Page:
I recently led a bird walk up Hadley Mountain (or Hadley Hill), near Hadley and Stony Creek.
Hadley’s firetower marks its centennial anniversary this year (1917-2017) so there is increased appreciation of this forest preserve mountain ridgeline (2653’) and its history in the Wilcox Lake Wild Forest.
Dating to its organization under the leadership of Jack Freeman of ADK in 1995, Hadley’s firetower committee, led by local residents, is one of the oldest, most tenacious and effective in the Adirondacks.
Thanks to donations from individuals and businesses (Stewart’s Shoppes among them), a firetower steward has once again been hired for summer 2017, and a brochure “Hadley Mountain firetower – Where Adirondack pat views Adirondack present” greets hikers at the trail register. Tony Goetke is the cooperating NYS DEC Forest Ranger working closely with the committee and the mountain’s steward.
On this Hadley Mountain centennial it was a pleasure to birdwatch and listen with Hadley Mountain newsletter editor Linda Champagne and Adirondack Wild member Greg Wait from Corinth. On a deliberate hike up, we spent a good deal of time studying the song and habits of two of the mountain’s visiting breeding birds, the American redstart and the Red-eyed vireo.
The redstart is a warbler from the tropics which favors second growth deciduous forest with a healthy shrub understory. We studied this beautiful “butterfly bird” singing robustly from an ash tree 30 feet above our head, admiring its flashing red-orange wing and tail patches against its black body. As we continued our hike up other redstart males were establishing their own territories on the shoulder of Hadley Mountain using loud spring song to advertise – to other males and to females.
Fortunately, American redstart is still locally abundant and widely distributed, unlike some of “our” more threatened, specialized spring migrants whose altered habitats in the tropics and here (climate change, in part) contribute to steady declines in their populations. A growing, two-year list of the breeding birds on Hadley Mountain is attached.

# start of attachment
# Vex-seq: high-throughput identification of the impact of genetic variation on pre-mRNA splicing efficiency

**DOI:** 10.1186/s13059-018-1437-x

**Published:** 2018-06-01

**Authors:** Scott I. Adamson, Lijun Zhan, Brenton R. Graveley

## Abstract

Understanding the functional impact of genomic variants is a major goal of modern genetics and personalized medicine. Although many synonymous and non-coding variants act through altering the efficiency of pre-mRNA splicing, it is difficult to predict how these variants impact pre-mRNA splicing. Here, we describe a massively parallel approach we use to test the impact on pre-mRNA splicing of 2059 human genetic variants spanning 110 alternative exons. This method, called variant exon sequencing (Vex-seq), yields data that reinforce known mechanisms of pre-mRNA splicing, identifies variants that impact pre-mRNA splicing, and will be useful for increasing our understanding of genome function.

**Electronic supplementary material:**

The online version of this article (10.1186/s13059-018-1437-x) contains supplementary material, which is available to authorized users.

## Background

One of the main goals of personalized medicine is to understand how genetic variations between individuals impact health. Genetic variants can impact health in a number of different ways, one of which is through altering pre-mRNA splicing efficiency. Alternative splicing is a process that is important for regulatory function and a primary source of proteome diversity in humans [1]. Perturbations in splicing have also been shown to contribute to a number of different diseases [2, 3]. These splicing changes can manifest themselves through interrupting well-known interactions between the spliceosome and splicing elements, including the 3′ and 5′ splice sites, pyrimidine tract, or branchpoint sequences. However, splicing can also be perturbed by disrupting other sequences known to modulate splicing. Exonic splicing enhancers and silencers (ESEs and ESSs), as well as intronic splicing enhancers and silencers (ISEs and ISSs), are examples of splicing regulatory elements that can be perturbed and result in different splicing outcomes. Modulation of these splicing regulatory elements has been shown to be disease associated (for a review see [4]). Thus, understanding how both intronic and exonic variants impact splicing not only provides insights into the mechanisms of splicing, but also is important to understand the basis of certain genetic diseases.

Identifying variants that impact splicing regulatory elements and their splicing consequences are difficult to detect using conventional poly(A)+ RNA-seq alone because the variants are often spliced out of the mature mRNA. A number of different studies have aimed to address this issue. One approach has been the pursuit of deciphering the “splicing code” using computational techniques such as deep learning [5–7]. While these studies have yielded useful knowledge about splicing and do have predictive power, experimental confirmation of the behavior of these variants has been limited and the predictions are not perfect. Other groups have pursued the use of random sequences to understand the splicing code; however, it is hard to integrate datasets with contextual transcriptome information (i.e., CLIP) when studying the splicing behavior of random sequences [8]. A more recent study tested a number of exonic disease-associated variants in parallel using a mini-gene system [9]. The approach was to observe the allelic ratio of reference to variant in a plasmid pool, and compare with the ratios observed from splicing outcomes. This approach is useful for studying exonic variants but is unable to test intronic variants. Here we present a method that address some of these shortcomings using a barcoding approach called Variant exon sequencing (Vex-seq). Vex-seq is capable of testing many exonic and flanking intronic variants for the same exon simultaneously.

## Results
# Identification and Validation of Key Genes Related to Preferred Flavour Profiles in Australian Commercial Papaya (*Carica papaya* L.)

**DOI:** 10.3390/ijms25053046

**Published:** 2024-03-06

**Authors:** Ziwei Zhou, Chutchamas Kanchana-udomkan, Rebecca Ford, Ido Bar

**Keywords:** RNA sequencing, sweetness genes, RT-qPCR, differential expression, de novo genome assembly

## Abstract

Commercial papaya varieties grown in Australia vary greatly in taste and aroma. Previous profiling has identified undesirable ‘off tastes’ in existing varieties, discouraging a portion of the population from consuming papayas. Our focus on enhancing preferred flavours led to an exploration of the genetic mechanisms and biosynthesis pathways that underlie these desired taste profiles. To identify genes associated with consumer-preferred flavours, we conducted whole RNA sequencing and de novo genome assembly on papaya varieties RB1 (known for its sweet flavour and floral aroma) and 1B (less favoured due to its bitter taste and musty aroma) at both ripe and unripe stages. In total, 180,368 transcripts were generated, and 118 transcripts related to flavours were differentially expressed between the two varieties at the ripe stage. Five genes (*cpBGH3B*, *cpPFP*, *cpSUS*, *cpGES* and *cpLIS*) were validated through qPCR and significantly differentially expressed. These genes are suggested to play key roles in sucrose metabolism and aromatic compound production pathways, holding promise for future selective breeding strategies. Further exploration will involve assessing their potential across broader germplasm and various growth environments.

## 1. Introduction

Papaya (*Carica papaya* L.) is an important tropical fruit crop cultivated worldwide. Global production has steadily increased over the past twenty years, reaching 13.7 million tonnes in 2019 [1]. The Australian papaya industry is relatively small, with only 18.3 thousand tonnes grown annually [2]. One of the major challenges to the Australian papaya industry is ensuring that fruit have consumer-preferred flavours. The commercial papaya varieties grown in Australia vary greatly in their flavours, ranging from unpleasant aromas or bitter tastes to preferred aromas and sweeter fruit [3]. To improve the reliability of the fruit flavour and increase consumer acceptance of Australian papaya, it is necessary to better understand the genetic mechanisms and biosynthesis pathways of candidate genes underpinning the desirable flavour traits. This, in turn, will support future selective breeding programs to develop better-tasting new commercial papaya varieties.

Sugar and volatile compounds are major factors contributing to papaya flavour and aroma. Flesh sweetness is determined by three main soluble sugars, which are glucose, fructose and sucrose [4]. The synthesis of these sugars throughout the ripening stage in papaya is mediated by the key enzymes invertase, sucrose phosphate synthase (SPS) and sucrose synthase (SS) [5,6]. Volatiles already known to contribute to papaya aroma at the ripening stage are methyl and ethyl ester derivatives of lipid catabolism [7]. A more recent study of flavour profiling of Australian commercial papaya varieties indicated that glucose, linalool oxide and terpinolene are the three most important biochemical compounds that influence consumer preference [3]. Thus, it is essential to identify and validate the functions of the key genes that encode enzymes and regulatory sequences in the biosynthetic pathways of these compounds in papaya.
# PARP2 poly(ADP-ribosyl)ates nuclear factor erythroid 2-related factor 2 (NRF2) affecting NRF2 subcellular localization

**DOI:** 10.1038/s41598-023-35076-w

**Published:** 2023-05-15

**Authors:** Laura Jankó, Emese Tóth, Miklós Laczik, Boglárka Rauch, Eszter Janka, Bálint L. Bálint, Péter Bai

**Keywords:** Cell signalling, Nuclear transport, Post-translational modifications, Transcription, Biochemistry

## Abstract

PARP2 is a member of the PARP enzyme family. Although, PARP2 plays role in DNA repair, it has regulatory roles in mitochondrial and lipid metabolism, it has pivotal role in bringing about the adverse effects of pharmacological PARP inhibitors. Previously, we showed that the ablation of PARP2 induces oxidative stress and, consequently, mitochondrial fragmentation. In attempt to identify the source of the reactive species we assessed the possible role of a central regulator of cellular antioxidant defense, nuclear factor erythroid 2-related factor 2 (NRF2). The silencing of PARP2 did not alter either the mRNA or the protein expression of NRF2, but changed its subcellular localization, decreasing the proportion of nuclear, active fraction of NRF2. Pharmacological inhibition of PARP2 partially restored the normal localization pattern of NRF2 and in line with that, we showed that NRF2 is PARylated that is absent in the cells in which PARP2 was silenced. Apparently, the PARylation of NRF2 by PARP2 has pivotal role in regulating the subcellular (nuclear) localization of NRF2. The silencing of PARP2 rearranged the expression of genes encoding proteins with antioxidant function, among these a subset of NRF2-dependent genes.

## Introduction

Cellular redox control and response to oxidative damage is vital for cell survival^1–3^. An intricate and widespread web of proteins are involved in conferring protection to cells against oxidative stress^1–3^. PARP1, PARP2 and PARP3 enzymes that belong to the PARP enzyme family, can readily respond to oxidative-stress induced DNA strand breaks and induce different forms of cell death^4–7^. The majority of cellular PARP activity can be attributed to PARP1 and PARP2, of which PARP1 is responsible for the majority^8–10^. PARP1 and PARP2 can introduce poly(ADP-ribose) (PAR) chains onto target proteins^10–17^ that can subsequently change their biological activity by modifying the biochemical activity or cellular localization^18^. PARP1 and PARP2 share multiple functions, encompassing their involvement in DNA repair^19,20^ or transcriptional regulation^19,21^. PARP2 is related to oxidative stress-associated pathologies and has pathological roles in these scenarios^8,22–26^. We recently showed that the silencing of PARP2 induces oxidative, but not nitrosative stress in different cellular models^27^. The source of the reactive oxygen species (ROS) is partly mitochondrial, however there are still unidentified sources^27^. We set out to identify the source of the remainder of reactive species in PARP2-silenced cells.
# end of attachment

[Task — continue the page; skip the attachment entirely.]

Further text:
As we climbed to the summit, a strong wind was whipping under full sun, 82 degree F. Moccasin flower and bunchberry were in full bloom. Balsam fir trees had broken their buds with a flush of green. It felt good to be alive on this ridgeline with incredible views of the rolling blue-green, wild Adirondack mountains and hazy Sacandaga Lake (reservoir) to the southwest.
With a “welcome to Hadley Mountain: and very firm handshake, the friendly firetower steward, Andre Turcotte, a sturdy young man with extensive Adirondack roots who just graduated from SUNY Potsdam, welcomed everyone at the rocky summit. Andre had other choices for summer jobs, including work in our western National Parks and Forests, but he had worked the forest fire lines on those parched forests (California) last summer and this year chose stewardship of Hadley Mountain – to be closer to his roots and his family. In our short encounter, he spoke appreciatively and knowledgeably of the abundant, clean water resources of the Adirondack mountains. After our lunch, we of course had to climb the tower and steady ourselves in the teeth of a gusting wind, appreciating mountain views in every direction of the compass.
On this firetower centennial, every Hadley hiker can benefit from Andre’s enthusiasm, information and helpful attitude to his important job of firetower steward. He will undoubtedly greet all those who hike during the official commemoration of the firetower’s hundredth year on Saturday, July 15.
For those who wish to contribute to the Hadley Mountain firetower committee, address your check to: Hadley FireTower Committee, c/o Joe Busch, Treasurer, POB 4501, Queensbury, NY 12804.
Hadley Mountain breeding bird list, 2016-2017 (a work in progress, please add to it):
Black-throated green warbler
Black-throated blue warbler
Bay-breasted warbler or Cape may warbler (?)
Eastern wood peewee
Photos from above: Dave Gibson with Greg Wait, Hadley firetower in background; Andre Turcotte, Hadley Mountain firetower steward; and American Redstart by Gerrit Vyn, courtesy Cornell Lab of Ornithology.
What a beautiful article, Dave, and lovely tribute to the work of many who have done the trail work and restoration of the summit and tower. Thank you.
I have read many articles on Hadley Fire Tower but little on the history of the mountain itself. I read in Wikipedia that it got its name from Hadley, but I don’t trust this resource. If you know other resources that might contai the Hadley Mountain place name I would appreciate that.